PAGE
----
Posted on 01 Apr 2010
Reinsurance rates across most lines of property catastrophe business around the world continued the
decline experienced at January 1, 2010, according to Guy Carpenter & Company, LLC, the leading
global risk and reinsurance specialist, in its annual report released today on reinsurance market
conditions at the April 1 renewals period.
The report, April 1 Reinsurance Renewals: Rates Lower; Returns Under Pressure, covers regional
developments as well as key issues and trends.
Highlights from the report include:
• Rates at the April 1 renewal showed a declining trend in most classes. Specific changes varied
by line of business, and there were occasional exceptions on problematic lines, such as marine
hull proportional treaties.
• Total capacity sought by buyers for their major catastrophe exposures was similar to the
expiring year, with reductions by some cedents and increases by others.
• The effect of the Chilean earthquake was limited, though it is possible that timing may have
played a part, as many of the major placements were quoted, priced and, in some cases,
completed before the effects of this loss could be fully realized.
• Overall, the renewal in Japan was smooth and perhaps easier for buyers than in many previous
years, reflecting a generally softer market. With few major issues or changes to terms and
conditions, renewals were completed within similar timetables as compared to prior years.
US PROPERTY CATASTROPHE
• Pricing for U.S. property catastrophe reinsurance at April 1 saw the continuation of the
decreasing pricing trend in evidence at January 1. Capacity continued to be plentiful – a critical
element in companies’ ability to secure favorable terms and conditions. Individual renewals
vary significantly, based on each company’s own experience and positioning.
• U.S. catastrophe pricing for nationwide companies decreased 8 percent when not factoring in
the impact of the catastrophe model changes, and by 13 percent on average when adjusted for
• Although not a significant source of April 1 renewals, the Latin American region provides an
early indication of the implications of the Chilean earthquake for pricing and terms and
conditions. Preliminary estimates of the aggregate loss arising from the earthquake vary widely.
The market may continue to evolve going into the July 1 renewals. Overall terms and conditions
in the region as a whole appear to be only modestly affected and, in some cases, unchanged by
the earthquake. However, pricing varies by country.
REPUBLIC OF KOREA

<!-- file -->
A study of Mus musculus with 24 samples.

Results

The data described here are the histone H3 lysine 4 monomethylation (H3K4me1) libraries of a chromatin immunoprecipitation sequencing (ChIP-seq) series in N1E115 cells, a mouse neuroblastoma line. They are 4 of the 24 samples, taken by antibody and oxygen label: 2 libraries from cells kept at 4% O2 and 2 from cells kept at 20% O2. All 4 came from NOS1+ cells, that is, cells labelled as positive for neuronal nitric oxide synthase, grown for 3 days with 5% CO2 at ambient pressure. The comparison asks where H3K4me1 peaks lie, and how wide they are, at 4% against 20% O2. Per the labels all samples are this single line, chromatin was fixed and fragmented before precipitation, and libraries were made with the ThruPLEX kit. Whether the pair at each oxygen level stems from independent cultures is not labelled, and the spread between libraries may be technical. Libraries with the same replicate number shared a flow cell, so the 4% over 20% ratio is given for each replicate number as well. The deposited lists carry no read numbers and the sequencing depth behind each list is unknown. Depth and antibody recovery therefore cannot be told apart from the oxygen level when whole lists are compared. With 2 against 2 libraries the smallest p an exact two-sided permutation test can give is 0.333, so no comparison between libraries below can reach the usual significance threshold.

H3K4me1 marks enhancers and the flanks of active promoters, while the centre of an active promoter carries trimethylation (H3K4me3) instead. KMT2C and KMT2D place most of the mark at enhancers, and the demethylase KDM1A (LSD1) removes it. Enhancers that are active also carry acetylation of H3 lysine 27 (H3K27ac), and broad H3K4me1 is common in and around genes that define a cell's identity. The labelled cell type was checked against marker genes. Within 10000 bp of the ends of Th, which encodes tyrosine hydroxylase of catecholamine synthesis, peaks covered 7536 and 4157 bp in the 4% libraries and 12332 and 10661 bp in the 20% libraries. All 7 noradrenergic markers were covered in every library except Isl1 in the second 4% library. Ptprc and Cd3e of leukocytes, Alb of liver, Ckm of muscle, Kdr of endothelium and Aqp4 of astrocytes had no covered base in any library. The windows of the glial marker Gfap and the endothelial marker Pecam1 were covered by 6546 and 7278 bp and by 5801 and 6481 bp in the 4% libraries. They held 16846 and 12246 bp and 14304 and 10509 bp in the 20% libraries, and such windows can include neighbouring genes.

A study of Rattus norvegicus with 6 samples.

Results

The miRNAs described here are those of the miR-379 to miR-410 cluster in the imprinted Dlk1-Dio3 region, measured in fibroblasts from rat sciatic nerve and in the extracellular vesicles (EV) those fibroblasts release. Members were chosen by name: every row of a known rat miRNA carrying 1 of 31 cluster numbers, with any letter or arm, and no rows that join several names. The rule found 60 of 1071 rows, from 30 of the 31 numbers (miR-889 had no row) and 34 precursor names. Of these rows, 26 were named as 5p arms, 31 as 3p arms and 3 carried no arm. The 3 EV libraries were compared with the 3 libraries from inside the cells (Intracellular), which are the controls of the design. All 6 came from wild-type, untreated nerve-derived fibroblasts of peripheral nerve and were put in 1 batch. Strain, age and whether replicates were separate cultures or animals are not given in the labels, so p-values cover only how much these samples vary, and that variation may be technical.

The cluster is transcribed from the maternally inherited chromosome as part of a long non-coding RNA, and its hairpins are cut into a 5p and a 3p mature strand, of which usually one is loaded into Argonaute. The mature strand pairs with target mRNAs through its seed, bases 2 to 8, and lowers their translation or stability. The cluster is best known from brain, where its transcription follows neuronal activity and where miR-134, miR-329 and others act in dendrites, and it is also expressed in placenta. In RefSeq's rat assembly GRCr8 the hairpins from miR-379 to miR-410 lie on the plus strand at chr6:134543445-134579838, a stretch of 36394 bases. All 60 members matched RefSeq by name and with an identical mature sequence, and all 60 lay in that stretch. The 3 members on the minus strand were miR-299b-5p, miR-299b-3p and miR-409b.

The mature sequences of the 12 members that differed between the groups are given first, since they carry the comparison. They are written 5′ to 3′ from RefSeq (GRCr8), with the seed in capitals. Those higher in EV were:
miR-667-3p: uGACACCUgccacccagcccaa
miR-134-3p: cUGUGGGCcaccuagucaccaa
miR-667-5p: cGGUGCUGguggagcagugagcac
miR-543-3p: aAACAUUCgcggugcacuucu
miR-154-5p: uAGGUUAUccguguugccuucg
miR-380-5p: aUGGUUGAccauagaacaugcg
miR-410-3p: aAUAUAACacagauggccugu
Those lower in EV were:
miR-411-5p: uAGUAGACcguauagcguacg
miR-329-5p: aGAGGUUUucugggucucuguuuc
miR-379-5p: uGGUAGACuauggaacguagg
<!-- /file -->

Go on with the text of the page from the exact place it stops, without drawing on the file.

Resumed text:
• In the property catastrophe segment, price changes ranged from decreases of 7.5 percent
to increases of 2.5 percent, reflecting the variety of changes and experiences that included
increased aggregates, deductibles and, in some cases, limits.
• Korea’s property risk segment was affected by the Samsung loss of late March 2009, which
occurred too late to be reflected in the April 1, 2009 renewal. There was a second large loss
in November 2009. Both losses were factored into the April 1, 2010 renewal, and loss
affected treaties sustained increases of 10 to 15 percent. For loss-free treaties, rates were
down by 5 to 10 percent.
• Pricing was down by 10 to 20 percent in the liability market. Loss experience has been light,
making the business more attractive to underwriters.
“The April 1, 2010 reinsurance renewals are dominated by Asia, but were conducted with one eye on
the catastrophes that occurred elsewhere in the world. Reinsurance rates in most cases declined,
continuing the pattern observed at the January 1, 2010 renewals, which occurred largely due to the
effects of healthier (re)insurer balance sheets. The large earthquake in Chile and, to a lesser extent, windstorm Xynthia in Europe, both striking in the first quarter of 2010, caused pause for thought," says Chris Klein, Global Head of Business Intelligence, Guy Carpenter.
“There are several significant renewals at April 1 in the U.S. that did not show signs of impact from the recent global loss activity. There was some evidence of price tightening in parts of Latin America. The Chile situation remains uncertain, and earthquake losses generally develop more slowly than wind events. Up to half of catastrophe loss ratio budgets were consumed, causing reduced headroom for a larger catastrophe later in the year. This scenario, along with buoyant balance sheets, lower investment yields and thinner reserve releases, will put pressure on returns - sustaining active capital management and perhaps, in time, stabilizing the market.”